Learning to be effective co-parents is a bit daunting, especially at the outset, but maintaining communication is crucial.
You may have to figure out how you want to do it – in person, by phone, by video conference, by email or by text message. If your divorce becomes a battle and the two of you can barely be civil to each other, the situation can be a little challenging.
One thing is vital, though. Co-parents must always be aware of a child’s medical issues, new developments and medicines. Each of you should have the most up-to-date information. In a medical emergency, you’ll both want to know what to do for your youngster and need all the information on hand that a healthcare provider will ask for.
Each co-parent should have this information
Your divorce papers or parenting arrangement might describe what you and your ex must tell each other regarding your child’s medical details.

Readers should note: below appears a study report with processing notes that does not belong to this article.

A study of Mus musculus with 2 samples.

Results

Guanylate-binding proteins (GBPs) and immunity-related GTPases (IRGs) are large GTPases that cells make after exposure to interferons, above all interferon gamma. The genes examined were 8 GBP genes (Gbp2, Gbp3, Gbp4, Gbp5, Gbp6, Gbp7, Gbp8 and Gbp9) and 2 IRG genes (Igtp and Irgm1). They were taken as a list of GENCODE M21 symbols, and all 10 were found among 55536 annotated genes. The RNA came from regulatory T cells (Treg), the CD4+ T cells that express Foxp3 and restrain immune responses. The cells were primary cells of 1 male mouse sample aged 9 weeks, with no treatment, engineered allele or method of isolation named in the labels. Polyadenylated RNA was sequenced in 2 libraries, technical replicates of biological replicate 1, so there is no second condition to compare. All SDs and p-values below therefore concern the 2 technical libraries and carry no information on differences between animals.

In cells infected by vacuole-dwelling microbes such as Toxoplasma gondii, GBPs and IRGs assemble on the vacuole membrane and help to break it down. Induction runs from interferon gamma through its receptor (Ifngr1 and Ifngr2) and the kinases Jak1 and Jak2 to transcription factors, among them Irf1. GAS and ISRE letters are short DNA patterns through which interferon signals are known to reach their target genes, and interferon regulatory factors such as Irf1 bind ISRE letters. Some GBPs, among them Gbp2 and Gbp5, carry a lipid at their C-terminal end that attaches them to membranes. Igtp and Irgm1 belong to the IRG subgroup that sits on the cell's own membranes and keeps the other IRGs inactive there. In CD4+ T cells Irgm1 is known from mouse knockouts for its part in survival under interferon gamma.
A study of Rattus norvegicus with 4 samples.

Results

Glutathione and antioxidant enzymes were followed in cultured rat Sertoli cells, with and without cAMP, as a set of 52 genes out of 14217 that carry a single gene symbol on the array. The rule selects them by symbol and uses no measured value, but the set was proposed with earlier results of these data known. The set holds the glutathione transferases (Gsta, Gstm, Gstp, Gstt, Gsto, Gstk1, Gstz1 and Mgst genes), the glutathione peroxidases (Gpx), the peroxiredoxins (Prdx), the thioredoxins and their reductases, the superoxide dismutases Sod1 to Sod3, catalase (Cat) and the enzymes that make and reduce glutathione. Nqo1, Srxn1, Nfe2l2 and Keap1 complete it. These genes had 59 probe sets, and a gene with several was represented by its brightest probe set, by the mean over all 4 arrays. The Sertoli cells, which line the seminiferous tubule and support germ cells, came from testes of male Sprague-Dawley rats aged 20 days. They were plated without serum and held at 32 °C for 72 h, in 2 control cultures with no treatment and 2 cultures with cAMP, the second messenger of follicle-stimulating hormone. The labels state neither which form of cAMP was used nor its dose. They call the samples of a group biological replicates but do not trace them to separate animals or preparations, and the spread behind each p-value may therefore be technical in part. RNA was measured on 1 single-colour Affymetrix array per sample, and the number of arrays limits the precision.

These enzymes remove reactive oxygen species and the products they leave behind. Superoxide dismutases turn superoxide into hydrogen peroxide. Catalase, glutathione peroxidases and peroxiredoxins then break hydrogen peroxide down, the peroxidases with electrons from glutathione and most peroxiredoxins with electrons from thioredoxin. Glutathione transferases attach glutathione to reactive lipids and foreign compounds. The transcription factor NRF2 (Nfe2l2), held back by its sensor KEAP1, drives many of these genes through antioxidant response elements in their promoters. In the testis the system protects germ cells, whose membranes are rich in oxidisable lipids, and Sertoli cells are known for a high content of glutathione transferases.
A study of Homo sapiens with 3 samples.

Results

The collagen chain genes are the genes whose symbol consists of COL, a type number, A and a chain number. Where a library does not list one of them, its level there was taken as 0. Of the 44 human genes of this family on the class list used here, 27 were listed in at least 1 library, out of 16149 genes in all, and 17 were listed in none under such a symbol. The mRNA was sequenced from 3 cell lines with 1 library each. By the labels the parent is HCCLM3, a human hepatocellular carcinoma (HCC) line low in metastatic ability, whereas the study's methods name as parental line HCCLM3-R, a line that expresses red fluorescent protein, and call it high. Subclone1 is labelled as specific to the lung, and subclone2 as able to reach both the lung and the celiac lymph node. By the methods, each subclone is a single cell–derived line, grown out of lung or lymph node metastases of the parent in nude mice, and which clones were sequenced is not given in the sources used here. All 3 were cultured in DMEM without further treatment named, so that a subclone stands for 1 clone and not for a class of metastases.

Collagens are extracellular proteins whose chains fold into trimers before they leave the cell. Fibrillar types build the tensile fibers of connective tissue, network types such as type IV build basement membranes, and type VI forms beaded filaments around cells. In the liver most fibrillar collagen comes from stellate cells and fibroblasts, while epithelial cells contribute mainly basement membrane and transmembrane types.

Here are some particulars to exchange information about:
- Unexpected events such as if the child got hurt playing sports
- Planned visits to the doctor and results
- When a yearly physical exam was done and the outcome
- Vaccinations the child has or has not gotten yet
- Which prescription medications your child uses
Be considerate and let your co-parent know things in a timely fashion. If your child came down with the stomach flu, for example, tell your ex promptly. If any medical complications arise later on, they will need to know about the original illness.
If you are hesitant about whether to mention something about your child’s medical status, disclose it rather than hold anything back.
Collaborate and cooperate
Each of you has to make your child’s health the top priority. If your ex doesn’t work with you on this, you may need legal help to straighten out the situation.